Italian pro-life politician Rocco Buttiglione, personal friend of Pope John Paul II, sent a thunderbolt through the longtime pro-life world this week by allegedly saying it was a mistake to pursue laws prohibiting abortion, and that there’s a better way to advance the pro-life cause.
We’ve heard this argument a lot from ‘Catholic pro-life’ supporters of President Obama over the past year, but this was startling coming from Buttiglione. Has he capitulated to the false ’either/or’ proposition that protecting the rights of children in the womb ignores the rights of their mothers’?
No, he says, and thankfully C-Fam has given him the chance to fully explain his energetic intiatives to make global progress in the abortion battle.
On July 15, 2009, the Italian parliament surprised pro-lifers by calling upon the Italian government to seek a resolution at the United Nations condemning forced abortion. The legislative effort was led by Rocco Buttliglione, one of the most well-known Catholic politicians in Europe. Pro-lifers applauded. Two days later, pro-lifers were again surprised when Dr. Buttiglione gave an interview in an Italian newspaper in which he reportedly said that his past support for criminalization of abortion was a “mistake,” and that he supported joining “pro-choice” politicians in finding “common ground” aimed at reducing abortion.
What follows is his clarification, and a discussion of the facts and the new approach. Read the whole interview, it’s very interesting and enlightening.
In Italy, we held a referendum on abortion in 1981 and we pro-lifers lost, 68 to 32 percent. It was a terrible defeat. You have to understand that the situation in Italy was very different from that in the United States. In the United States, abortion was imposed on the American people by the Supreme Court in Roe v. Wade. The people never voted for abortion. In Italy the people freely chose abortion – a tremendous defeat for the cause of life…On the other hand, while there is no majority in favor of banning abortion in Italy, there is a majority that thinks that abortion is too widespread, and something should be done to reduce abortion.
We have thus undertaken several initiatives. One initiative concerns how late can an abortion take place. While philosophically we know that an embryo is a human being, there is no consensus on banning early term abortions. But people think that the abortion of a fetus older than 20 weeks is unacceptable. So we are trying to pass a resolution that bans abortion after 20 weeks.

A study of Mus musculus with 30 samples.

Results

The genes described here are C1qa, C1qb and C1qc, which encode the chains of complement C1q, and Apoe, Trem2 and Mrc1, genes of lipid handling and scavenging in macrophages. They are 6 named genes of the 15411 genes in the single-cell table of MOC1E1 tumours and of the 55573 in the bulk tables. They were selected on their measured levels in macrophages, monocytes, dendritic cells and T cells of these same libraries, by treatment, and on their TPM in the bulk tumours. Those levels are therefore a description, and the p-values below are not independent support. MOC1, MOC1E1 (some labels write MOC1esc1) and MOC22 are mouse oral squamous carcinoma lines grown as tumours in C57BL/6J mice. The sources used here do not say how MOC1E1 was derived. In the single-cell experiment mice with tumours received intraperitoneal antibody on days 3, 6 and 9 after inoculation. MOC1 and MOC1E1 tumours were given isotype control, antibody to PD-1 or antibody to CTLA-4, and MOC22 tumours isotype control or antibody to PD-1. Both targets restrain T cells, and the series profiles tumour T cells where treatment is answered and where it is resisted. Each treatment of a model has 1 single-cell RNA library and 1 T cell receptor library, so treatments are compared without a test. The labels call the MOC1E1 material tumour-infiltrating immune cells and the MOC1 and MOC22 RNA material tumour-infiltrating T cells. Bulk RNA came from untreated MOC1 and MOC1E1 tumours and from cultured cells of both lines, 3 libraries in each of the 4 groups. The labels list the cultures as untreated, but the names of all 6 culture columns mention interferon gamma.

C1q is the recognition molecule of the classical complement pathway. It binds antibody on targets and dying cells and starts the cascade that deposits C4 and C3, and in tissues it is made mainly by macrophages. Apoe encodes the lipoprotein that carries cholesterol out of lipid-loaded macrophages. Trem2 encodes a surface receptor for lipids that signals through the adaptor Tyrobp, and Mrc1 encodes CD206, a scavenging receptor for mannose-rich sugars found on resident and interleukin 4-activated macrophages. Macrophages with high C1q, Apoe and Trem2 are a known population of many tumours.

We are also trying to implement portions of our existing law that have useful provisions about preventing abortion.
On the recent parliamentary action:
Let us seek a United Nations General Assembly resolution that bans the use of abortion as an instrument of population control. It is a continuation of the struggle of the Holy See at the International Conference on Population and Development in Cairo in 1994 and the Beijing Women’s Conference in 1995.
In parts of the world, in China in particular, abortion is compulsory, and one needs a permit to have a second child. But also in other parts of Asia, in Africa, and even Latin America, we see mothers being blackmailed. Programs that say “We will give you bread, but only if you accept an abortion.” We see this being done by UN agencies, which fund such programs.
So the idea is why not seek a UN resolution that would call for a ban on the use of compulsory abortion. This would be a resolution that should unite those who are “pro-choice” and “pro-life.” Because what happens in China is against both choice and the child.
The effort to pass a resolution in parliament succeeded. Big first step.
And now we have started a campaign worldwide to bring this issue to the UN General Assembly. And to do so, we hope to bring together “pro-choice” and “pro-life” people – though I want to make one thing clear, no one has renounced principles. Both sides will continue to struggle against each other on other issues, but at least on this one, we can be united.
He is coming to the US, hoping for “positive contact” with the Obama administration. Especially now that Obama promised Pope Benedict he would work to reduce the number of abortions.
Is common ground possible between the two opposing sides?
I don’t think we need to give true pro-choicers any bribe to convince them to join the struggle with us. If it is true, as they claim, that they are not for abortion but rather for freedom of choice, then this gives them the chance to join with us to prove it.
If they don’t, then they really are not pro-choice, but pro-abortion. They like abortion. They don’t think that human life must be supported, but one must reduce the world’s population by any means necessary.
Also, this initiative forces people to make up their minds. Up until now, the label “pro-choice” could be a cover for a national socialist ideology of lifeboat ethics: Because there are too many people on earth, all means are acceptable to reduce population. We see that in third world countries, abortion has been much more cruel and widespread than in Western nations.
So now we shall see if common ground is possible.